Throughout the entire first year of his life, my young son drifted off to sleep each night with music in his ears — albeit not always right on key. Half the time, he heard his mother softly sing the sweet praise choruses that are near and dear to her heart. Half the time, he relaxed to my rough renditions of the traditional and deeply meaningful hymns with which I grew up. He seemed to like both.
When I was small, our house was frequently filled with my mother's vocals as she intoned her favorite movie and show tunes or one of the singspiration choruses we sang at many church events. To my recollection, my overly shy dad never sang a note in his life, although I once saw him mouthing a few of the words to a hymn at church.
During my high school and college years, I loved to listen to soft rock ballads and folk music on the radio. My younger brothers favored hits with a little harder beat. And the guy across the street blasted the neighborhood with sounds I could only call loud, cutting edge and painful. Still, we all survived living together somehow.
A visit to my wife's parents has always included hours of Spanish love songs characterized by acoustic guitars, brilliant brass horns and Mexican harmonizing. In contrast to that heritage, however, she and her friends spent their youth grooving to lots of American dance music. Her sister, I'm told, still likes disco. Enough said.
Through my years in the pastorate, I always enjoyed dining with those friends who were in music ministry because they always provided a tapestry of classical music as a background to meals. Other friends liked jazz, although that genre, I found, usually gave me indigestion.
One coworker with an office next to mine many years back once spent months listening to nothing but Gregorian chants (which, by the way, really do echo richly down the halls — whether marble or plasterboard — as very few forms of music can). Lots of folks in my current office environment listen to nothing but contemporary Christian artists.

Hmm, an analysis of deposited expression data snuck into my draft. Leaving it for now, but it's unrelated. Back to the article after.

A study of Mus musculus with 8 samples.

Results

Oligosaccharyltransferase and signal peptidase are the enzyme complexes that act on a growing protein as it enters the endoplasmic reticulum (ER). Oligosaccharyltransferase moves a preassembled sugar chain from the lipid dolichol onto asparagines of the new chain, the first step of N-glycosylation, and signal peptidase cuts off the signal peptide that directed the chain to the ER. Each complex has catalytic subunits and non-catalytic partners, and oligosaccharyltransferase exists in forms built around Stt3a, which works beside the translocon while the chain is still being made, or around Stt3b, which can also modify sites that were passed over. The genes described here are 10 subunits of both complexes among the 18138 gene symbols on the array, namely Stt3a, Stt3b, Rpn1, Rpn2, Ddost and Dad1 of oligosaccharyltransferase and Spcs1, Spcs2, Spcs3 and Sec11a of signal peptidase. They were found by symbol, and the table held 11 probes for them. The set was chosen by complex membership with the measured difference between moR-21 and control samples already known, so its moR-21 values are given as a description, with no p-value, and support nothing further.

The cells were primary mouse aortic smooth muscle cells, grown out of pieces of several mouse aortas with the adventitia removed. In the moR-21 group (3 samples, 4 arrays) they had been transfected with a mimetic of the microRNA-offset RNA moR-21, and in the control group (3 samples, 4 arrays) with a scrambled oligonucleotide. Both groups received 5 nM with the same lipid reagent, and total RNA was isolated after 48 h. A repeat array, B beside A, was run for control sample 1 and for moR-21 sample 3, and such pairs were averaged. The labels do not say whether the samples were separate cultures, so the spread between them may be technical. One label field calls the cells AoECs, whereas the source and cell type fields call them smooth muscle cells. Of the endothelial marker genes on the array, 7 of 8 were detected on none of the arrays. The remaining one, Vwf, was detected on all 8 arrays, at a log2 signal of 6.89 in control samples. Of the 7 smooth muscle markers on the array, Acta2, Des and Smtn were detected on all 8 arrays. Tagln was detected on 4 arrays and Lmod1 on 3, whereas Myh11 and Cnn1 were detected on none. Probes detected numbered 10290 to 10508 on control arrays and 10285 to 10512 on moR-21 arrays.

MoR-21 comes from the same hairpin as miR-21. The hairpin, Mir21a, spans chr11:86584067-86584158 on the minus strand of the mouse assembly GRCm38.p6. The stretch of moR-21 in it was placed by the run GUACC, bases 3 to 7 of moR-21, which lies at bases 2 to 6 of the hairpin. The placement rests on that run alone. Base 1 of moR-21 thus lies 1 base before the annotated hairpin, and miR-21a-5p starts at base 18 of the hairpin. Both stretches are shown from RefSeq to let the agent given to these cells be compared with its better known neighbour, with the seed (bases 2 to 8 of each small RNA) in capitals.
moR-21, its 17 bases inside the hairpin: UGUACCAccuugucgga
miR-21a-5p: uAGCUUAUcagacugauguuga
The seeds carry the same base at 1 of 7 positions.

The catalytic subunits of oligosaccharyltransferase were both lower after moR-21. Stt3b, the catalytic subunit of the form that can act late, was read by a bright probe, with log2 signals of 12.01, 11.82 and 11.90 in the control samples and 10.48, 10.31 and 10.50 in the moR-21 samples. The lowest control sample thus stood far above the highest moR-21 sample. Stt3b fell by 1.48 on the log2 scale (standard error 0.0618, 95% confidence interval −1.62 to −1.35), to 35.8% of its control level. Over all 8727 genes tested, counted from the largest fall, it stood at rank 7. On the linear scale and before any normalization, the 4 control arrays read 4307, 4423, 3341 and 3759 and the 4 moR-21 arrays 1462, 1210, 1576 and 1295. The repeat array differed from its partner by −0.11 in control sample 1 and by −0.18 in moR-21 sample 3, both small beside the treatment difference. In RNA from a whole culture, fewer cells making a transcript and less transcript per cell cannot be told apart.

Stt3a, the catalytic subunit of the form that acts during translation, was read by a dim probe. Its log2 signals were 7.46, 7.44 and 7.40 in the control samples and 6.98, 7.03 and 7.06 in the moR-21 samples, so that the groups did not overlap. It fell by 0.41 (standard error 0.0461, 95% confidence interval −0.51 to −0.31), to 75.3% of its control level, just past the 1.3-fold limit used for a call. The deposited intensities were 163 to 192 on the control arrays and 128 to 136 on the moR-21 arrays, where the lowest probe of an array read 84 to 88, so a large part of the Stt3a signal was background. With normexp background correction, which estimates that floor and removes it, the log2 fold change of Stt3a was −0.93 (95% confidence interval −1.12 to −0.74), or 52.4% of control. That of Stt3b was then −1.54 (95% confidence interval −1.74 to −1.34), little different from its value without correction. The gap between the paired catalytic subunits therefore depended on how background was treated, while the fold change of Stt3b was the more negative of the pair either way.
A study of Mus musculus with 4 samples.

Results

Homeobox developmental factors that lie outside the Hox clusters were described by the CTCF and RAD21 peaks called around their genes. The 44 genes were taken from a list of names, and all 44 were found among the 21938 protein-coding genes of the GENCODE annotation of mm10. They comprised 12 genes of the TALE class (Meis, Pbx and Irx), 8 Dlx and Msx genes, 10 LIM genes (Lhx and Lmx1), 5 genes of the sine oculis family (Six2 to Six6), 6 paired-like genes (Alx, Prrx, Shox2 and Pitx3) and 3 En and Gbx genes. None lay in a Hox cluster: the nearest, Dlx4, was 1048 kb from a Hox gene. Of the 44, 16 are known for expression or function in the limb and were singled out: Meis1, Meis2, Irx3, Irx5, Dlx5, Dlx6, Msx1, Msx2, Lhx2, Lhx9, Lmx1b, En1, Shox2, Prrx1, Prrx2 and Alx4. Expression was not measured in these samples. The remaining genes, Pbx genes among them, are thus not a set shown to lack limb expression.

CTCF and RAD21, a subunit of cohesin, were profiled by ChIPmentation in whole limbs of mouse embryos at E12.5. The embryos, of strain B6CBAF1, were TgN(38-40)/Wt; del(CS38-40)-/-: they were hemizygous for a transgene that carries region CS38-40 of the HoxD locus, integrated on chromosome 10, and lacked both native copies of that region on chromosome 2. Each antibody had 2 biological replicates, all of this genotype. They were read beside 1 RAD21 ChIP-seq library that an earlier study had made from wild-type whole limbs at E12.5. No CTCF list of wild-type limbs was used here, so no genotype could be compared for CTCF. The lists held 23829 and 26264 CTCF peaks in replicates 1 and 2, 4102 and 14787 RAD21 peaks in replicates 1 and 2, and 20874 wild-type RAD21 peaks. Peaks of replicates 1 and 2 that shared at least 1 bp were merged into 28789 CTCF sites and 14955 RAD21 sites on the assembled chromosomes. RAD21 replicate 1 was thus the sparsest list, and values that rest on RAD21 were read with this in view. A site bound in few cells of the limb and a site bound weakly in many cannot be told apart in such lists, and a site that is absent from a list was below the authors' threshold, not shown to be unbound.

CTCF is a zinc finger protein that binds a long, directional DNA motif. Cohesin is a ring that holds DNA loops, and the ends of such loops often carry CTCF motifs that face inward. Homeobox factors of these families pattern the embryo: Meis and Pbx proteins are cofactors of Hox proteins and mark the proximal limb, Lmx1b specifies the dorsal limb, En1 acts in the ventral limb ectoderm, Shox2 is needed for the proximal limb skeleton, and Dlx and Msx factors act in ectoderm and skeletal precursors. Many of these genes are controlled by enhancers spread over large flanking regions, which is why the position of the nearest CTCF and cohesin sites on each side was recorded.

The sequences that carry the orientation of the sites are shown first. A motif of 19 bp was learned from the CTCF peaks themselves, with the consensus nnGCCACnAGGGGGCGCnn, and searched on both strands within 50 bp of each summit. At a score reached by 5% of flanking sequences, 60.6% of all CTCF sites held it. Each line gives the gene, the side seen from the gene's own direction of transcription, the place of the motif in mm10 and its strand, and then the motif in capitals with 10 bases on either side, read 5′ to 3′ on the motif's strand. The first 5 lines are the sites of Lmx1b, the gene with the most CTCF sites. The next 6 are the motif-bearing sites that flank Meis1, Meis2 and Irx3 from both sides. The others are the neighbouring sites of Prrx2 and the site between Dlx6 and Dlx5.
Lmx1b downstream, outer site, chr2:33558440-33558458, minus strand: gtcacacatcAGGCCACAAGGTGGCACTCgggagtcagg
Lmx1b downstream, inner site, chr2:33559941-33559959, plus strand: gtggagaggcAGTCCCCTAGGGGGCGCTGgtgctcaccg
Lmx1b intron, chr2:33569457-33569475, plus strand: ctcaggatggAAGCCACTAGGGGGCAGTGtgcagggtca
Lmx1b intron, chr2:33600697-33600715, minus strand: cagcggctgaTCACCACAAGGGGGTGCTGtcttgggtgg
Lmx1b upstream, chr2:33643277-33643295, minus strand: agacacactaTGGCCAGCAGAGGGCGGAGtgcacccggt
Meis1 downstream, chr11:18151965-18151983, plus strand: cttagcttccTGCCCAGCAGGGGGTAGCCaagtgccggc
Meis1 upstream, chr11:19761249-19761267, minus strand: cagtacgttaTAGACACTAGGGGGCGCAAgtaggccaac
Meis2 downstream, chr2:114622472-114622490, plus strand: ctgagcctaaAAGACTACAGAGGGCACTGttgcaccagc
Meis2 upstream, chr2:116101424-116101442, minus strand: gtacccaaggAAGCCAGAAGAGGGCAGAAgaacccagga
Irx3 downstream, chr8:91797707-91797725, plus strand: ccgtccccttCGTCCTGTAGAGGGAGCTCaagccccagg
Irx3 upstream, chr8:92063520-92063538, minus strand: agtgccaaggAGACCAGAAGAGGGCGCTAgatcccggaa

At the other extreme, when I lived in an apartment building several years ago, the folks on the other side of my living room wall had a music collection that I don't believe could ever be categorized or labeled, only studied scientifically.
My teenage nephews were the ones who introduced me to Christian rock, and it is they who are awaiting the opportunity to expand my horizons even more into rap rhythms. My nieces are still trying to convince me there is something good about country-western twang. And I confess I really have no interest in trying to understand the neighbor's son whose moving car sends off sonic waves that I fear will soon bring a government investigation to our block.
There are as many kinds of music as there are people. Each has its place, whether it appeals to many or just a few. Most have even been used at some point to uniquely express love for Jesus and to remind us of the hope, peace and comfort He still offers. This diversity of musical styles makes it possible to reach the wide variety of people that make up God's creation with His unifying message of love. But, sadly, it also makes it impossible to please everyone with one style. That doesn't mean, however, that we should allow musical preference to become the cause for civil war within our families or His kingdom.
I wonder which type of music is most popular among the angels? Do they have the same discussions and debates we do? Personally, I like lots of different kinds of music. I bet you do, too. Enjoy them all, and occasionally try out one you don't fully understand or appreciate . . . unless it's rap, of course.
Ever feel like you need to wear a mask to cover up who you are? Are you concerned that, if people knew who you really are and how you really felt, they wouldn't understand?
One minister, two jobs and the family that's at the top of the list. The number of bivocational ministers, those in full- or part-time ministry who carry an additional job, is estimated by some researchers to be as high as 30 percent of ministers nationwide.
"You should see the church they attend," Lucille said, armed with bulletin and newsletter. Creases formed across my brow as celebration gave way to comparisons a trap that had sprung too many times.